By Olive Overmoyer, For The Miami Student
As students file into Rod Northcutt's Tuesday evening sculpture class, they greet each other with warm smiles and friendly banter.
Throughout the lecture, the students remain captivated by the information as Northcutt asks questions and involves every student in his class.
Tying in examples from a variety of artists and art forms to help his student's learn, Northcutt makes sure his students have a firm grasp of the concepts he is teaching. He sits back they participate in discussion. He seems like he learns just as much from them as they do from him.
"Teaching allows me to perpetually be inspired by energy, and if I'm only talking to my peers, if I'm only talking to people in the art world, I don't receive the same boost of energy that I get when I'm working with students," said Northcutt. "There's a youth and a vibrancy and a naiveté and as I teach, I learn."
As a teacher, Northcutt listens to his students and their interests. He engages each person that walks through the door.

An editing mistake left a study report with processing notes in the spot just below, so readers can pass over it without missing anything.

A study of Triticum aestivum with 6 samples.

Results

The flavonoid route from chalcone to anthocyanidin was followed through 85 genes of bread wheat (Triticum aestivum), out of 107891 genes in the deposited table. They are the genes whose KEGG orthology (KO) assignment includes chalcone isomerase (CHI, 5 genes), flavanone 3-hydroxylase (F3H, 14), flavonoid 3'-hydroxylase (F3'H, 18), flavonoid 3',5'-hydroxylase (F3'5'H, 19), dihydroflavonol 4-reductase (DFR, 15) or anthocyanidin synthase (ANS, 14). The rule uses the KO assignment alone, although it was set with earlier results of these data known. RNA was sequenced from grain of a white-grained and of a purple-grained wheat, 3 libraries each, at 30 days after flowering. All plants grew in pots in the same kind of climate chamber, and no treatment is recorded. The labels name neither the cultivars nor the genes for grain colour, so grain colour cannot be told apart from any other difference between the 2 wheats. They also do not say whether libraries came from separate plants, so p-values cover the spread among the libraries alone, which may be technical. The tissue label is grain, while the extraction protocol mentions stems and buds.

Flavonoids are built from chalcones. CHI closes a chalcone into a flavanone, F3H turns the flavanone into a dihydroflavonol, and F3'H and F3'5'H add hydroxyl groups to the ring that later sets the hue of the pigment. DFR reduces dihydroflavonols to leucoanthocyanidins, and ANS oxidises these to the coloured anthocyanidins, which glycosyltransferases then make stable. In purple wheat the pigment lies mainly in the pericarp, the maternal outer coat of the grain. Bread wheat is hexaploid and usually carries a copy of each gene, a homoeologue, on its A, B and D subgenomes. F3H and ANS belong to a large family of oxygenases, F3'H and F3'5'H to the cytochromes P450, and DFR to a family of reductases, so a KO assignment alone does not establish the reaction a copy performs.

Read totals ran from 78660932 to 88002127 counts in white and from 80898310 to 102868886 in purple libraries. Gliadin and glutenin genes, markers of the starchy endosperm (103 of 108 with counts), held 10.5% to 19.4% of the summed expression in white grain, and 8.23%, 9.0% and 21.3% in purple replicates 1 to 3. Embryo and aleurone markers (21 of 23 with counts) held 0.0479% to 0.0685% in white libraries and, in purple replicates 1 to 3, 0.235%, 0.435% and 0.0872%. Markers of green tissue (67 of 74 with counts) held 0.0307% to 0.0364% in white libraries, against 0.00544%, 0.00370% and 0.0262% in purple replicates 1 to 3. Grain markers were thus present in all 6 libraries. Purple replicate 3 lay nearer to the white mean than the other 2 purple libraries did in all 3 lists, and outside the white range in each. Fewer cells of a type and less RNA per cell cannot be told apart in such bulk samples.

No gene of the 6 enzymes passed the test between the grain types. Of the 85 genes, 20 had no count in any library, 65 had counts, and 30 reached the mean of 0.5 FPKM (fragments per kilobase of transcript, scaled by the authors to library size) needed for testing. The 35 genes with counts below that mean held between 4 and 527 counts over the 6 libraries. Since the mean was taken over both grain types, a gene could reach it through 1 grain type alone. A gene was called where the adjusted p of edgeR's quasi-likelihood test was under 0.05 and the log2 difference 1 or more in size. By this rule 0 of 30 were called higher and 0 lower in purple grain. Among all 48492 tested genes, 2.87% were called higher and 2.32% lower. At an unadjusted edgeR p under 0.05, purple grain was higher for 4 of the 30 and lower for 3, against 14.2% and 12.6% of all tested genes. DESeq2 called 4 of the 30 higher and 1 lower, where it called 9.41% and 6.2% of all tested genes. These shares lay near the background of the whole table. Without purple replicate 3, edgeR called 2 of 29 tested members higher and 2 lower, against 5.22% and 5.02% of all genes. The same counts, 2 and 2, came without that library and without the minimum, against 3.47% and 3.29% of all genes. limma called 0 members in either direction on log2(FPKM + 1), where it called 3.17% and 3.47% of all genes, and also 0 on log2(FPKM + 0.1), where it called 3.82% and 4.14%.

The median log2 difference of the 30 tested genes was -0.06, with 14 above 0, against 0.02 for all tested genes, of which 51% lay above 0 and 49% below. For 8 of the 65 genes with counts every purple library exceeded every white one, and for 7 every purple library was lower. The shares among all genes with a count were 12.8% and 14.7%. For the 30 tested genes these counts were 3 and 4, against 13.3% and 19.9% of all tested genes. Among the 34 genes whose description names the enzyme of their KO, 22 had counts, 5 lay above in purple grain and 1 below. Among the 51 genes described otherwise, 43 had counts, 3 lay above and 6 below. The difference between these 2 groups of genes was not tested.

"He always keeps an open mind with something," said senior Robert Donato, one of Northcutt's students. "Whether he agrees with it or not, he'll look at your point of view."
In his classes, Northcutt teaches more than just how to sculpt. He teaches students how art can help them and others in many different situations.
"I've learned that you can put art anywhere," said sophomore Jess Behne. "Art can be in any part of your life."
After enlisting in the Army, Northcutt used his G.I. Bill to earn his bachelor's degree at the University of North Texas. From there, he went on to get a master's from the School of the Art Institute of Chicago.
Now, he both teaches students how to create and creates works himself, focusing on social sculpture as a form of expression.
"When you look at community and you look at the need, social sculpture addresses it," Northcutt said.
Along with the organization, MAKE TANK, of which he is a member, he has helped bring the Oxford Kinetics Festival to life for the last five years. Northcutt and MAKE TANK involve people with the arts and innovation through more than just the Oxford Kinetics Festival.
"We've created a lot of STEM to STEAM programming," said Northcutt, "So basically using art systems and design thinking, two different ways of dealing with something, and applying that to STEM learning. We're doing this for middle schoolers and high schoolers through a variety of different programs in the region."
Northcutt is able to bring art into everything that he does. His students have built bikes for the kinetics festival, worn handmade masks around campus and winterized trailers.
"Everything can be sculpture," Donato said.